When the emergency responders found him, the 59-year-old Florida man was chin-deep in cold water, two stories down in the pit, and they weren’t exactly sure how they were going to get him out of the quicksand slurping at his neck.
Brevard County Fire Rescue Special Operations District Chief Thomas Neidert described the muck they saw in the crater near Cocoa around noon on Thursday, May 12, as “sugar sand.”
And he’d never seen anything like it.
“I’m not kidding you, this guy was in quicksand,” Neidert told Coffee or Die Magazine. “He kept sinking. We couldn’t get him out.”
When they first pulled up to the Jr. Davis Construction site of US Highway 1 near Camp Road, west of the Indian River, Neidert’s crew had to spend 20 minutes trying to find a trench inside a 100-acre site grown with brush.
When they did, they confronted a chasm about 40 feet wide and 15 feet in length. Neidert said the man was searching for valuable coquina rocks around a 10-foot high spoil pile of dirt above the excavation, and “just slipped and fell into the hole.”
And he kept falling until he plopped onto some tree roots snaking through the sloppy sediment. In his struggle to break free, his boots had gotten tangled in the roots.
The construction crew staged an excavator to hold the wall of the trench in place so that it wouldn’t cave in around the submerged man, but groundwater kept seeping into the seam faster than they could pump it out. The man was inching deeper into the quicksand.
“You don’t have to go very far to find water, or mud, or muck when you’re digging in Florida,” Brevard County Fire Rescue Chief Pat Voltaire told Coffee or Die.
Neidert said the construction worker was in pain, shivering and suffering from shock, and had become hypothermic, but “the entire time he was awake, alert, oriented.”
“If you’re in Florida, and the water temperature is below 70, that is cold because your body is acclimated to a different temperature,” Neidert said.
The Brevard County Sheriff’s Office gave the firefighters a full face shield scuba mask, which they put on the man’s head to keep him breathing as the water continued to rise.
Sheriff’s spokesperson Tod Goodyear said a dive team member luckily happened to be nearby and ran to the hole with a tank and respirator so “he could actually breathe.”
By the end of the afternoon, 37 firefighters and 12 sheriff’s deputies had flocked to the site, along with several county workers, all trying to blueprint a feasible rescue plan that didn’t get first responders killed.
“You’re trained to do it, but when it’s in real life, you want to make sure that you get him out safely and your crew,” Neidert said. “There are so many things going through your mind and you have to make sure that you’re not only keeping the patient safe but your crew safe.”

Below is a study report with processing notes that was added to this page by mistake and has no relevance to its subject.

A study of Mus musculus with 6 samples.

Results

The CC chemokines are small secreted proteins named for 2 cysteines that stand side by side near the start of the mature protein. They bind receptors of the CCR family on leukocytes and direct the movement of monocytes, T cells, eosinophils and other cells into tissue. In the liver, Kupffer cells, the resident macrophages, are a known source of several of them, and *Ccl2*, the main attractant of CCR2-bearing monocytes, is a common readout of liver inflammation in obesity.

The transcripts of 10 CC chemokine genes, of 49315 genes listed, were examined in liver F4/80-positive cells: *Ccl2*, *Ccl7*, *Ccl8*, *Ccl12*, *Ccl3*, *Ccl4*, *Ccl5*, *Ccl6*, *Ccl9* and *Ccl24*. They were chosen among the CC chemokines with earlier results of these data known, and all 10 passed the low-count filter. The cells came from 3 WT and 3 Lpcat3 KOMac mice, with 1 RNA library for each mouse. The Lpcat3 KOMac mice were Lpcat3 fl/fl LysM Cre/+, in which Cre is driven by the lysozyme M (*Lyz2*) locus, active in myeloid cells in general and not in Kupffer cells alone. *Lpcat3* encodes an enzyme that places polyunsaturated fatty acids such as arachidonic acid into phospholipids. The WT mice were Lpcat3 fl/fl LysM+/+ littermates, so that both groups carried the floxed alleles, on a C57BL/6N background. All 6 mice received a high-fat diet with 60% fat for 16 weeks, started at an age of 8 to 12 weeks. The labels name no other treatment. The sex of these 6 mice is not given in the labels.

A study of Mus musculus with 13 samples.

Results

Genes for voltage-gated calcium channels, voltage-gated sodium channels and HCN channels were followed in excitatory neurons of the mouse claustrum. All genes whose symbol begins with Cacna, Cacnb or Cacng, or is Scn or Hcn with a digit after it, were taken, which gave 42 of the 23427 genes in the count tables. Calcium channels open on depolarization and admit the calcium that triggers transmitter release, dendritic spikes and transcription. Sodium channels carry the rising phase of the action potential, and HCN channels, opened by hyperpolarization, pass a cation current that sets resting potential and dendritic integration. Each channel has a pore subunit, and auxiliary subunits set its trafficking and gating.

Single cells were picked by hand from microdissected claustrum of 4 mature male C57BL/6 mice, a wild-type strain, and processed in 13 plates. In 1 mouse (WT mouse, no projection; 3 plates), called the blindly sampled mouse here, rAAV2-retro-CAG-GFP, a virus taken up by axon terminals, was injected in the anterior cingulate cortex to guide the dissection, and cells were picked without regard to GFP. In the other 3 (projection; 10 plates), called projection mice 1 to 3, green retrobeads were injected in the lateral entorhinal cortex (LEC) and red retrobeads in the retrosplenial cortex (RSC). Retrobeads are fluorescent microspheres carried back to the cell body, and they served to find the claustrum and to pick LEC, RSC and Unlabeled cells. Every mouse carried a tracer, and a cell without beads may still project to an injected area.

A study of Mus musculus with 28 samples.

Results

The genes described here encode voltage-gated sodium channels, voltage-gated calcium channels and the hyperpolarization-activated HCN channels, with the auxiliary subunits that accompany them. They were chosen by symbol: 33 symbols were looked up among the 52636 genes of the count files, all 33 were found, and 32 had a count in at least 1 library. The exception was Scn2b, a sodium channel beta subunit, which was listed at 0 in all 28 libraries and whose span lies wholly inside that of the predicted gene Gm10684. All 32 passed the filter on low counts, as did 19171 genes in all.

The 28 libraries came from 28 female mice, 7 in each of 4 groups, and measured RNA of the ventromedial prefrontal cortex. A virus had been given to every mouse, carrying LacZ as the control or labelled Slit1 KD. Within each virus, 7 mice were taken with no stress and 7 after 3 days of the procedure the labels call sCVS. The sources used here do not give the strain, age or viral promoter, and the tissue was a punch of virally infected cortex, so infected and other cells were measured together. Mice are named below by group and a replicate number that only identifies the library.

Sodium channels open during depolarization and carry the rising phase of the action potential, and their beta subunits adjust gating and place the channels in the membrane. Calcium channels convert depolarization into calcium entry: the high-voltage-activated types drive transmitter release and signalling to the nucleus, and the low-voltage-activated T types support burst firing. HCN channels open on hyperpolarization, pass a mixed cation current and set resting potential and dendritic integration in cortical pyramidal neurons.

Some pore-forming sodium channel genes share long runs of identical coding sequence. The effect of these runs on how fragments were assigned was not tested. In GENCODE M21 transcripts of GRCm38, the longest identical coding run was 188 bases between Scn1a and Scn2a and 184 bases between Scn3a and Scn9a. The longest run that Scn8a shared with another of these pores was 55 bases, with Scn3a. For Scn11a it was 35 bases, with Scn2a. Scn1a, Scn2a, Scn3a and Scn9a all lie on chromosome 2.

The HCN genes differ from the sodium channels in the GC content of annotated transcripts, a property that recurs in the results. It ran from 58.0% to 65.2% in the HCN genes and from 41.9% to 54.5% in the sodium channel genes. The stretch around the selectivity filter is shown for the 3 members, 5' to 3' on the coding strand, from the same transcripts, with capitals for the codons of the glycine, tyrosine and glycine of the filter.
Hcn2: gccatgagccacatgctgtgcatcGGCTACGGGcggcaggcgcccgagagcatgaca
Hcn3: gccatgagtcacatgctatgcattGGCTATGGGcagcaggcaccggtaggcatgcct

They decided to use a second excavator to rake the water and quicksand away from the trapped man. But he still wouldn’t budge because he was vacuum-sealed to the pit.
“It all surrounded underneath him,” said Neidert. “There was a suction.”
So they placed a piercing nozzle below his legs.
That’s equipment usually used by firefighters to spray water into a burning room from an adjacent space. It’s like spearing a sprinkler head through a wall to battle a blaze, but in this case the spray was directed at pushing the encroaching muck away from the man.
With the nozzle jetting water beneath him, firefighters were finally able to see his legs and cut away the roots snarled around his boots. The nozzle also “blew the vacuum from the earth,” Neidert said.
Firefighters fitted a harness around the construction worker’s waist. With the quicksand seal ruptured, they now could hoist him out with a rope and pulley system. He’d been in the water for nearly two hours.
Neidert told Coffee or Die the man was “very, very, very — I’m gonna keep saying it — very, very thankful.”
They put the man on a backboard and then slipped him onto the bed of a sheriff’s deputy’s pickup truck. The deputy rushed him across the roadway where a First Flight air ambulance crew was waiting. They flew the man to Holmes Regional Medical Center in Melbourne, where the construction worker was treated and released six hours later.
“At the end of the day, we learned a lot from it, with the patient safe and home and our guys safe and home,” Neidert said. “We did what we were trained to do.”